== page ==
Global energy-related carbon dioxide emissions remained unchanged at 33 gigatons in 2019 despite widespread expectations of another increase, according to the International Energy Agency (IEA) data released Tuesday.
In spite of the 2.9% global economic growth, carbon dioxide emissions worldwide stopped increasing after two years of growth, thanks to the expanding role of renewable energy sources, fuel switching from coal to natural gas and higher nuclear power generation in the total power production, the IEA noted.
In 2018, global carbon dioxide emissions reached 33.1 gigatons with a 1.7% year-on-year increase to hit a new record, the IEA's Global Energy and CO2 Status Report 2019 revealed.
However, the emissions decrease in advanced economies last year offset continued growth in the rest of the world, the data showed.
The U.S. recorded the largest emissions decline on a country basis with a fall of 140 million tons while the emissions in the European Union (EU) fell by 160 million tons driven by reductions in the power sector.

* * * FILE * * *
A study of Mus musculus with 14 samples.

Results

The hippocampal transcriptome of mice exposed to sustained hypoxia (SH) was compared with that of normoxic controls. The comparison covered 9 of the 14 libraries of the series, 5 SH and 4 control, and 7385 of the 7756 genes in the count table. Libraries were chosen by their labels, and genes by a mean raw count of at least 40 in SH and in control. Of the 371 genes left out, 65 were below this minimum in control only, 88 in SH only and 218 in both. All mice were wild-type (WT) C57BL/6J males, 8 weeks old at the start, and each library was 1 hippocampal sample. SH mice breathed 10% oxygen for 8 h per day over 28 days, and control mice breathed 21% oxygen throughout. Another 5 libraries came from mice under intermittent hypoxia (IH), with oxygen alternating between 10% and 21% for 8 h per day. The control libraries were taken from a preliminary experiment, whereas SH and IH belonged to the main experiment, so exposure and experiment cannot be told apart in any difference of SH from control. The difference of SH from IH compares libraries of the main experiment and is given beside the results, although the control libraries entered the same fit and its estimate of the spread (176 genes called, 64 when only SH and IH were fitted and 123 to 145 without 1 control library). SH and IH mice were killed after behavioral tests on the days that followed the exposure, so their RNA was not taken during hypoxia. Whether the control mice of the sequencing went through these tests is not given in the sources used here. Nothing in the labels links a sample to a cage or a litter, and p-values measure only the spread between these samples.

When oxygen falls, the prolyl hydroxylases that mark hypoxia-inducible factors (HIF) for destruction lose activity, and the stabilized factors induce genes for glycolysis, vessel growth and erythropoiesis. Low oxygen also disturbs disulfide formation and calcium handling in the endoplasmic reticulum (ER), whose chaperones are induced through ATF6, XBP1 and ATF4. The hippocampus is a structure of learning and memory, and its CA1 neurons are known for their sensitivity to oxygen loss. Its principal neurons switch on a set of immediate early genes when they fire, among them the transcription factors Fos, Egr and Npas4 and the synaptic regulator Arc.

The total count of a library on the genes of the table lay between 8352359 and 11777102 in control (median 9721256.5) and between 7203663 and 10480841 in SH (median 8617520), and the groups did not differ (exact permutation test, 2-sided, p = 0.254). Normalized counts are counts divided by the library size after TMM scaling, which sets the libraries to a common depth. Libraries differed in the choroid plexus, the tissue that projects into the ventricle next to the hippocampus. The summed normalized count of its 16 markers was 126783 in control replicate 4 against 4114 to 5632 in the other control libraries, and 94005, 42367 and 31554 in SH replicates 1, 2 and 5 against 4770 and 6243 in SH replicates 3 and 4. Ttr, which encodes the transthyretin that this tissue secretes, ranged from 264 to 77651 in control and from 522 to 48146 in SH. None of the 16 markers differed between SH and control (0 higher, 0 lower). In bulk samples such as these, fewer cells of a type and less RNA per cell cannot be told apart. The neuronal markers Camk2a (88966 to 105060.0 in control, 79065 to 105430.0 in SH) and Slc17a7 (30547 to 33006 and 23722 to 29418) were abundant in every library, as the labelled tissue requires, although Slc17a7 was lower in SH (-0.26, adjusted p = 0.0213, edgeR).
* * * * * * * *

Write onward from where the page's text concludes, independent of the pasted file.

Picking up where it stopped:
Because of the restarting of electricity generation from nuclear power plants, Japan's emissions decreased by 45 million tons.
Emissions in the rest of the world grew by close to 400 million tons in 2019, with almost 80% of the increase coming from countries in Asia where coal-fired power generation continued to rise, according to the data.
"Across advanced economies, emissions from the power sector declined to levels last seen in the late 1980s, when electricity demand was one-third lower than today. Coal-fired power generation in advanced economies declined by nearly 15% as a result of growth in renewables, coal-to-gas switching, a rise in nuclear power and weaker electricity demand," the IEA said.
“We now need to work hard to make sure that 2019 is remembered as a definitive peak in global emissions, not just another pause in growth,” Fatih Birol, the IEA’s executive director said.
He added that this welcome halt in emissions growth is grounds for optimism that the world can tackle the climate challenge this decade.
“It is evident that clean energy transitions are underway – and it’s also a signal that we have the opportunity to meaningfully move the needle on emissions through more ambitious policies and investments," Birol noted.
To support these objectives, the IEA will publish a World Energy Outlook Special Report in June that will map out how to cut global energy-related carbon emissions by one-third by 2030 and put the world on track for longer-term climate goals.